Again I get to gush about how I enjoy abstract games. Those themeless games like Go and Checkers that pit players against each other in an even match. Last week I found a new one that used a round board and adopted many of the same mechanics as Chess.
Round game board have always intrigued me, as it seems their design prevents “turtling”. For those of you not familiar with the term, this is a great definition from Wikipedia:
“Turtling is a gameplay strategy that emphasizes heavy defense, with little or no offense. Ostensibly, turtling minimizes risk to the turtling player while baiting opponents to take risks in trying to overcome the defenses. In practice, however, games are often designed to punish turtling through various game mechanics. Consequently, while turtling strategies are usually simple enough for novices to learn and are effective as such, they are easily defeated by experienced players who understand the game’s methods to counter turtling.”
Our latest abstract obsession comes from veteran game publisher, Breaking Games. Just like Planetary Strike last week, Circular Reasoning sports a round game board. But that’s where the similarities end – this is a very different game.
Supporting up to four players (best played with three or four), each player controls three wooden pieces they are trying to get to the center of the board. The first player to do so wins. And while it sounds simple, each move of every player affects your strategy.
Your three playing pieces consist of one square, one triangle and one circle. The square can move four spaces in any direction, the triangle three and the circle is limited to two. The board is made up of rings and you may move clockwise or counter-clockwise, but must move the full amount of your moves and not change direction.
Each ring is ‘connected’ by moving wooden arcs that represent gateways. These doors move clockwise around the board according to how many wooden pieces are in the adjacent ring. For instance, if there are three pieces in the outermost ring, the first arc moves three spaces. This gateway is the only location you can cross to the next ring, whose wooden arc also moves in the same manner.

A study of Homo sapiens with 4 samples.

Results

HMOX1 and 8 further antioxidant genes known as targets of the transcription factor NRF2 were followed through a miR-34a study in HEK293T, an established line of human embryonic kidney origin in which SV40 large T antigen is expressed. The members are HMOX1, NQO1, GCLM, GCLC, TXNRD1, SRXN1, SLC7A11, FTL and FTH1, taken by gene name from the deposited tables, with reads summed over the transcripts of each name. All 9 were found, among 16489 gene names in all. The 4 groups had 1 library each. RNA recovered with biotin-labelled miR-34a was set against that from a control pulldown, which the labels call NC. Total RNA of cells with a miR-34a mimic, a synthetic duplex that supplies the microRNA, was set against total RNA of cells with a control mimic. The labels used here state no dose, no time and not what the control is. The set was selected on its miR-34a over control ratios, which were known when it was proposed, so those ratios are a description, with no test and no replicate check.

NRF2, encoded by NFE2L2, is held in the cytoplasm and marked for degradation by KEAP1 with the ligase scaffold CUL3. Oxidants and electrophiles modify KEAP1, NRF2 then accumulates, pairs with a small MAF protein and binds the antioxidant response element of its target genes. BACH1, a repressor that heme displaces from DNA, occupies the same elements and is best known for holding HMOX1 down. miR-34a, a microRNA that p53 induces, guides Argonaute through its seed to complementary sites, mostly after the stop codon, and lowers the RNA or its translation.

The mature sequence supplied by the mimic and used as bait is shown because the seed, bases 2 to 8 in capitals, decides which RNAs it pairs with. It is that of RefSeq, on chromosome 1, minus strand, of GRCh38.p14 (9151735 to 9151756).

As you can imagine, the more players the more likely the arcs will move (and farther). Your pieces also cannot jump over or land on the same space as another piece, so with more players there are more obstacles. After each round of play (one turn per player), the gateways move, and then play is resumed in reverse order with the person going last beginning the next round.
Depending on the skill level of the players, expect a game of Circular Reasoning to last anywhere from 15 minutes to over an hour. One could definitely get caught up in planning our their moves (as in Chess), only to have them foiled with a strategy that you didn’t consider.
Maybe by now you have noticed the odd lines on some of the playing pieces? Breaking Games purposely designed them this way to accommodate their colorblind players – a very nice touch and one that many publishers overlook.
Circular Reasoning is a very solid abstract title that retails for only $25. Breaking Games, the game division of Ad Magic, is well-known for a number of popular card-based games like Twirk and more recently the amazing Kickstarter success story – Exploding Kittens! Check out their Twitter feed or Facebook timeline to see if they’re going to be exhibiting at a convention near you!